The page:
SeaWorld/AP
Saryn Chorney
April 19, 2017 04:56 PM

From the death of beloved Knut in 2011, to the “World’s Saddest Polar Bear” in Argentina, and the passing of cub Fritz in Germany last month — not to mention the “depressed polar bear trapped in a mall in China” — polar bears, it seems, are no strangers to heartbreak.

According to NBC News San Diego, a 21-year-old polar bear named Szenja, who was born in captivity at Germany’s Wuppertal Zoo and lived at SeaWorld San Diego’s Wild Arctic exhibit since the 1990s, died at the marine park on Tuesday. While the official cause of death is still pending necropsy, some believe her separation from another polar bear, 20-year companion Snowflake, may have caused Szenja’s downward trajectory.

“Szenja died of a broken heart, PETA believes. After losing her companion of 20 years when SeaWorld shipped Snowflake to the Pittsburgh Zoo in order to breed more miserable polar bears, Szenja did what anyone would do when they lose all hope, she gave up,” said People for the Ethical Treatment of Animals (PETA) vice president Tracy Remain in a statement.

The bears previously made the news last month when thousands of animal lovers signed an online petition in the hopes of swaying SeaWorld from its decision to send Szenja’s “best friend” to the Pittsburgh Zoo & PPG Aquarium for breeding purposes. NBC San Diego reports that caregivers and veterinary staff noticed a drop in energy and loss of appetite in Szenja in the wake of Snowflake’s departure, but her death was an unexpected shock. (See the two bears, in happier times, below.)

 

“Szenja was a beloved member of our animal family, so this is a very difficult day for all of us,” Al Garver, SeaWorld San Diego’s vice president of zoological operations, said in a statement. “Szenja not only touched the hearts of those who have cared for her over the last two decades, but also the millions of guests who had the chance to see her in person. We’re proud to have been a part of her life and to know that she inspired people from around the world to want to protect polar bears in the wild.”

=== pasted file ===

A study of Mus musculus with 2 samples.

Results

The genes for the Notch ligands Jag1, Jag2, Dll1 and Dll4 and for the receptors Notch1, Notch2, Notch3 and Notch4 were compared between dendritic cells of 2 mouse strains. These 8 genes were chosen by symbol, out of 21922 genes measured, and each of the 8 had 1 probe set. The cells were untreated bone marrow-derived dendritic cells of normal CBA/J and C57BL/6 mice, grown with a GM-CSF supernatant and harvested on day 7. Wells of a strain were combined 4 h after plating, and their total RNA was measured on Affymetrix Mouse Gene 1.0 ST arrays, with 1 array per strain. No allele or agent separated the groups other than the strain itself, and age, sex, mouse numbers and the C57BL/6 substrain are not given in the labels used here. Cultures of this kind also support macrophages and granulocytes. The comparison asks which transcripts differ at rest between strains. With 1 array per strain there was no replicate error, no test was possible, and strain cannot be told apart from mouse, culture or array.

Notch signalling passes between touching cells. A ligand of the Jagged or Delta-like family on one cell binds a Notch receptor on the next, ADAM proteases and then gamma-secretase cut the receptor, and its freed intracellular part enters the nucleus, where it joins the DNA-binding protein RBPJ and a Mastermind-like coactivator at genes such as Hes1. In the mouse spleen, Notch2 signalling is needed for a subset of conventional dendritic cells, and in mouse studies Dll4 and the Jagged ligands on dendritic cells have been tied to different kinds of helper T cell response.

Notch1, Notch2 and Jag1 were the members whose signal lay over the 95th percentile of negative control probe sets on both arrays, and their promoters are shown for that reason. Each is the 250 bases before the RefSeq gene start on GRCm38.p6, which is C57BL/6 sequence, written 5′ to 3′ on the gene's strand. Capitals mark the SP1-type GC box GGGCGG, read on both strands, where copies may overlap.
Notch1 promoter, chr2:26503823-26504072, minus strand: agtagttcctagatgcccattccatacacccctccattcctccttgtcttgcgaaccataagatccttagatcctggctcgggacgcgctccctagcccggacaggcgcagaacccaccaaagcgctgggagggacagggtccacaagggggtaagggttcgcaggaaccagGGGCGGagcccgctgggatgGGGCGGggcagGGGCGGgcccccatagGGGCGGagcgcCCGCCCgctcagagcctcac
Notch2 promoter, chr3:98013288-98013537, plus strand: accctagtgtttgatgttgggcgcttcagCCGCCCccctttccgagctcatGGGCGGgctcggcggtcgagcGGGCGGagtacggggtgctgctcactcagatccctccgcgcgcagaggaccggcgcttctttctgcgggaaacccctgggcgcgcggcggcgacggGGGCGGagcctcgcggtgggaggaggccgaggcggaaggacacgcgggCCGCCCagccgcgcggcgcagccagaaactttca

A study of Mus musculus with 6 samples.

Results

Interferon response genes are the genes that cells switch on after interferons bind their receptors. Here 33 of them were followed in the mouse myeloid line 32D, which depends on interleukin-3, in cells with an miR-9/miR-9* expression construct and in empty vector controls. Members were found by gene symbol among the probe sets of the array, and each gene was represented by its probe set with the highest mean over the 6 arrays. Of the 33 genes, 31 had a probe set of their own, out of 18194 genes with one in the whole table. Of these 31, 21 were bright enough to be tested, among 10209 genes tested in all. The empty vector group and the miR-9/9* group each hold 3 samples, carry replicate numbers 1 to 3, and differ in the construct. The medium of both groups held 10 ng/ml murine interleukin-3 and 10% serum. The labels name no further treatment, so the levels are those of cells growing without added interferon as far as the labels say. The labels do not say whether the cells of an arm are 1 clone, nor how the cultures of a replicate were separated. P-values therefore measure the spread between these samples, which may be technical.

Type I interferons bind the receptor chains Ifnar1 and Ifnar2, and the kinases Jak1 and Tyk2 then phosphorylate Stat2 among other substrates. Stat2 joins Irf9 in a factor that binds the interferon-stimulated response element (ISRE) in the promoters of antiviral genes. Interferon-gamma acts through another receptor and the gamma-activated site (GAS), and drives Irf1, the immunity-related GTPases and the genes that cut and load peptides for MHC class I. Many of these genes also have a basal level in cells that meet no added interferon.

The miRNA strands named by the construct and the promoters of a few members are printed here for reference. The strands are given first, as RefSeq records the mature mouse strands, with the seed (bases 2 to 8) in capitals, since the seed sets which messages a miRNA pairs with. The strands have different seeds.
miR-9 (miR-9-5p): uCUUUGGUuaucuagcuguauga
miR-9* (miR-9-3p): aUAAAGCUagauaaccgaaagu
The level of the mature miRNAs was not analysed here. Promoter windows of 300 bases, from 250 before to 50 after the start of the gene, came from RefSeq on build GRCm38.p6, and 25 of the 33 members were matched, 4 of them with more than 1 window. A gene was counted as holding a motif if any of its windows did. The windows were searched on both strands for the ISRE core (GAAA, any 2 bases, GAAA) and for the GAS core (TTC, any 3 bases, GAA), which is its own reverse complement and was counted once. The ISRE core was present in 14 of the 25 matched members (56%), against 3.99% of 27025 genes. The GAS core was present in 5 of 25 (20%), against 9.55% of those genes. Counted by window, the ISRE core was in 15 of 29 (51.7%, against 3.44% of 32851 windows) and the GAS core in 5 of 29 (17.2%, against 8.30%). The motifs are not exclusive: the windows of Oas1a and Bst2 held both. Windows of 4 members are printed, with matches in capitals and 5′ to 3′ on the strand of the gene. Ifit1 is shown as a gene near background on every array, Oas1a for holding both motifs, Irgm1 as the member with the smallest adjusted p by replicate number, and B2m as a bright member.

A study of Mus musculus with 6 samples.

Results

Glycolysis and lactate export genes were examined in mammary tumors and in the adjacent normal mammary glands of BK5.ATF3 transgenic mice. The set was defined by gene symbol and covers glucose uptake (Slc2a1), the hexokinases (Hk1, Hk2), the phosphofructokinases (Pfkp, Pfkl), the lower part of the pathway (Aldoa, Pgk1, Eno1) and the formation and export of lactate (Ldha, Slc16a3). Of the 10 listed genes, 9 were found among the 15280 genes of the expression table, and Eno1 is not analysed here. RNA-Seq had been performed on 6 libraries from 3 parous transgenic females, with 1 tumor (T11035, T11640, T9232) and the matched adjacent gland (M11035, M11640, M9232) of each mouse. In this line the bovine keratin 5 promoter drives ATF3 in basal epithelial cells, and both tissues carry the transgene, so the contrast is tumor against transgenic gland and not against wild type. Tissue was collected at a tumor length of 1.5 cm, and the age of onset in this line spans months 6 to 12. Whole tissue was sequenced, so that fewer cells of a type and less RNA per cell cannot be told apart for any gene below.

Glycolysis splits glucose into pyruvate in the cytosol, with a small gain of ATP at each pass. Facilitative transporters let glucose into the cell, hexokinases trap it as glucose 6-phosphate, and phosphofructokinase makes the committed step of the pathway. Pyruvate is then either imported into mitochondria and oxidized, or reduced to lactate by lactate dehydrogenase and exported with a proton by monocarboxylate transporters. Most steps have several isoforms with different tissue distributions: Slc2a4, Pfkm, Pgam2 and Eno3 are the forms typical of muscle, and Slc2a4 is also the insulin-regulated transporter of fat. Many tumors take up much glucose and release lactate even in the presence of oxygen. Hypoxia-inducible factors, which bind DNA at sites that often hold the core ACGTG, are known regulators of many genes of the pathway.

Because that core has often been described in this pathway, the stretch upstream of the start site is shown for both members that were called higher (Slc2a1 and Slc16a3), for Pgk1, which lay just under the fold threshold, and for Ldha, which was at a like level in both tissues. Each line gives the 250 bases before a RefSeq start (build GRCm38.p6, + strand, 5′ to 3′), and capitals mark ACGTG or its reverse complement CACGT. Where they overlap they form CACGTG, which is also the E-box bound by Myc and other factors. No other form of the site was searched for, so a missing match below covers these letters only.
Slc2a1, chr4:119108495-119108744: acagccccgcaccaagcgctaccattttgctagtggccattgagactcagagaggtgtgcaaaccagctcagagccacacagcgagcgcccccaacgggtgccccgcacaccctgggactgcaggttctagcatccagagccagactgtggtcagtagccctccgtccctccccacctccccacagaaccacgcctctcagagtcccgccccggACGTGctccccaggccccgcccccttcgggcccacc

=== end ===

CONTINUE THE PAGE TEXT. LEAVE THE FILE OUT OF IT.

PETA has a different take on the bear’s untimely death.

“After 20 years in captivity with nothing but each others’ company to keep them going, Szenja and Snowflake were bonded, and breaking that vital bond appears to be what killed Szenja,” Reiman told PEOPLE in an email. “Polar bears are naturally solitary in the wild, but there is nothing natural about life at SeaWorld — or at the Pittsburgh Zoo, where SeaWorld is trying to breed more polar bears for sideshow attractions in which they’re confined to one-millionth of their minimum home range in nature.”

According to Polar Bears International, the polar bear species has a life expectancy of 15 to 18 years in the wild. Some live 20 to 30 years, but only a small percentage live past the 15 to 18 range. (The oldest captive polar bear died at 41.) In the wild, these bears are threatened by climate change, a rapid loss of sea ice, poaching and pollution.

In response to PETA’s assertions, SeaWorld remains steadfast. “We and other accredited and world-class zoological facilities remain focused on our important mission of animal conservation and public education and inspiration,” the company said to PEOPLE in an email. “We will not be distracted by organizations with a clear anti-zoo agenda creating false narratives not grounded in any scientific fact. It is well documented that adult polar bears are typically solitary animals, and Szenja was continually cared for and enriched by her dedicated and passionate animal care team. She did not demonstrate any adverse behavioral changes following Snowflake’s transport to the Pittsburgh Zoo in February as part of the Species Survival Plan (SSP) breeding visit …. Unlike wild polar bears facing habitat loss, human encroachment and limited food sources, Szenja lived a long and enriching life at SeaWorld, with the passionate and uncompromising care provided to her by her loving trainers, and made a positive impact on tens of millions of park guests that had the chance to see her over the past 20 years.”

PEOPLE has reached out to the Pittsburgh Zoo for an update on Snowflake’s condition.